Along the continental slope of the eastern Bering Sea, two species of Careproctus snailfishes deposit eggs within the branchial chambers of the commercially important golden king crabs (Lithodes aequispina). The presence of the egg masses results in gill compression, localized death of gill tissue and, in extreme cases, total loss of gill tissue on one side of the body. The presence of eggs and larvae increases the mortality of commercial crabs within the holds of fishing vessels by 35 percent. This research reports on this snailfish-crab association, how the Careproctus snailfish choose their host crabs, and the consequences to the crabs.
Liparid snailfish in the genus Careproctus extrude eggs through an anteriorly positioned ovipositor into the branchial chambers of large lithodid crabs. This relationship was first described for C. sinesis and Paralithodes camtschatica in the northwest Pacific. Subsequent studies have shown that additional species both within Paralithodes as well as three other lithodid genera also serve as hosts to various Careproctus species.
The advantages snailfish gain by placing their eggs within an enclosed, constantly aerated space are easily recognized---embryos and larvae are provided with a well aerated environment and protection from predators by the branchial chambers of the crab. The disadvantages to the crab are important to know because most of the infected crab species support commercial fisheries. Recent cooperative research between NMFS and ADF&G on golden king crabs has given us some interesting insight into the characteristics of this snailfish-crab association and into the consequences of this association to the crab.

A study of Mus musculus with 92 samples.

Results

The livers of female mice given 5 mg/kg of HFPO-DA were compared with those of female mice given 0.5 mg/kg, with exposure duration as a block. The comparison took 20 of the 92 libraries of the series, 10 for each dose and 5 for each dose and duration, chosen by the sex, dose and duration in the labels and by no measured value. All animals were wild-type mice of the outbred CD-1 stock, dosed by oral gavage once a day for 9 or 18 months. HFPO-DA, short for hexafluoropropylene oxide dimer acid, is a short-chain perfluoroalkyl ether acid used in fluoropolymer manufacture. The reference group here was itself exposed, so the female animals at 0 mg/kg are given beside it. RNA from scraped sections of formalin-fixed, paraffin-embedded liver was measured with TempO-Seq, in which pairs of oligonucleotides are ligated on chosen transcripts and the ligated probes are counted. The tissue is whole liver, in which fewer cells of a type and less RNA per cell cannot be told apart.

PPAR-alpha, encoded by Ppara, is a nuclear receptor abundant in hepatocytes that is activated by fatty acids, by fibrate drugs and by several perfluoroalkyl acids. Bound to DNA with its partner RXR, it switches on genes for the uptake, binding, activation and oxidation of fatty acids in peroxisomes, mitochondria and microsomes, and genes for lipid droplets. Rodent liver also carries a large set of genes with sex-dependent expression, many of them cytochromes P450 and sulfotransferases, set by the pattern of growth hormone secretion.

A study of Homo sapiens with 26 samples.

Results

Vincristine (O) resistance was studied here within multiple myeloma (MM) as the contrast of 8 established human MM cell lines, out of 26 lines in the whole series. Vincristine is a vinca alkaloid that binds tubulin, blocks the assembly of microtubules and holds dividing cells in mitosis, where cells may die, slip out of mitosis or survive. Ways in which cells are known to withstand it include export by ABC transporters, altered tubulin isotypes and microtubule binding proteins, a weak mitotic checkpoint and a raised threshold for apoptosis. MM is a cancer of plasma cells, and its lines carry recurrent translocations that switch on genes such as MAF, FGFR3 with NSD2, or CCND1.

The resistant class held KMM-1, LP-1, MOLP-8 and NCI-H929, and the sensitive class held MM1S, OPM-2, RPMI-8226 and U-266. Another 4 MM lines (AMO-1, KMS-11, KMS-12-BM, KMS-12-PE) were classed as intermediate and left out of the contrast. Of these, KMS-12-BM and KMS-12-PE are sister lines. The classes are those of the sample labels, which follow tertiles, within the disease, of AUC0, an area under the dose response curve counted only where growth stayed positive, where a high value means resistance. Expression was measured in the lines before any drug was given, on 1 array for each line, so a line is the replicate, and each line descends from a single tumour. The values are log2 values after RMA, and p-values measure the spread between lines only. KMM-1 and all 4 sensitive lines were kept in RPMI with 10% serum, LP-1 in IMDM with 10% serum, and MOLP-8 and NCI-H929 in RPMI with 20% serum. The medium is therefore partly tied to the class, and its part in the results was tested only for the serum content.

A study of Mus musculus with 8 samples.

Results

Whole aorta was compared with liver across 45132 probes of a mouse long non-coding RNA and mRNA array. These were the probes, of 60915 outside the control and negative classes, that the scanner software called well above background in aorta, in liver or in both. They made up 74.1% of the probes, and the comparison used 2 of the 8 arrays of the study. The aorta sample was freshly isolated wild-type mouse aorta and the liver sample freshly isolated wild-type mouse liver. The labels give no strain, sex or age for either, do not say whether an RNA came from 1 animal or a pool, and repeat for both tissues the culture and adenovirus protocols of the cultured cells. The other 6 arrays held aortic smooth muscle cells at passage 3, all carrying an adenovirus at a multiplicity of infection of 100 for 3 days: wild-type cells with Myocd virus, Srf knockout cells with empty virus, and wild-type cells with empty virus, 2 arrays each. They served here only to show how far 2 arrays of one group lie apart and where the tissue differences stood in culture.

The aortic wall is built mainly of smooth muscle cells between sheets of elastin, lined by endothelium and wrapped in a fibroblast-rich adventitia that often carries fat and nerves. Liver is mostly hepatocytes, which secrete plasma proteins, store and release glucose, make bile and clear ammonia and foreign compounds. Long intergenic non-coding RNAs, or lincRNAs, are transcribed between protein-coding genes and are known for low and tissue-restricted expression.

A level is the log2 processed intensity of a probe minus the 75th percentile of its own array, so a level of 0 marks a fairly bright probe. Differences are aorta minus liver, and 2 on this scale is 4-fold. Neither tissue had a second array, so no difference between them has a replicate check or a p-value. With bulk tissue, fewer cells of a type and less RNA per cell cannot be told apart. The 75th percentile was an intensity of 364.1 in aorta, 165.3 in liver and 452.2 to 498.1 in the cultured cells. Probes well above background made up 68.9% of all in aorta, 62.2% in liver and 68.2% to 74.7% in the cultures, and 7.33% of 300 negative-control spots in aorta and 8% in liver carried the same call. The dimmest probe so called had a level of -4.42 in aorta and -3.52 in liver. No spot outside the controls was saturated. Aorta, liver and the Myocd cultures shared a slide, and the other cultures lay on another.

Snailfish seem to lay eggs within the branchial chambers of recently molted golden king crabs, and the number of egg masses found within these infected crabs increases with carapace length. The presence of these egg masses within the branchial chamber of golden king crabs has been associated with three distinct pathological conditions of the gills. First, egg masses compress gills so strongly that a distinct impression of the egg mass is left on the gill surface. Second, gills on the infected side are often darker in color than those on the opposing side. Third, gills on the infected side often have areas of blackened, necrotic tissue.
The damage to the gills from the presence of egg masses may result from two causes. First, gill compression could be strong enough to restrict blood flow resulting in localized necrosis. Second, egg masses could interfere with the functioning of the fifth periopod, which is covered with setae and functions as a gill cleaning appendage. Gill damage influences a crab's respiration and its ion exchange. These are two factors that might explain the 35% higher mortality of infected male golden king crabs compared to uninfected crabs within the live tanks of commercial vessel.
Somerton, D.A. and W.E. Donaldson. 1997. Parasitism of the golden king crab, Lithodes aequispina, by two species of snailfish (genus Careproctus). In Press.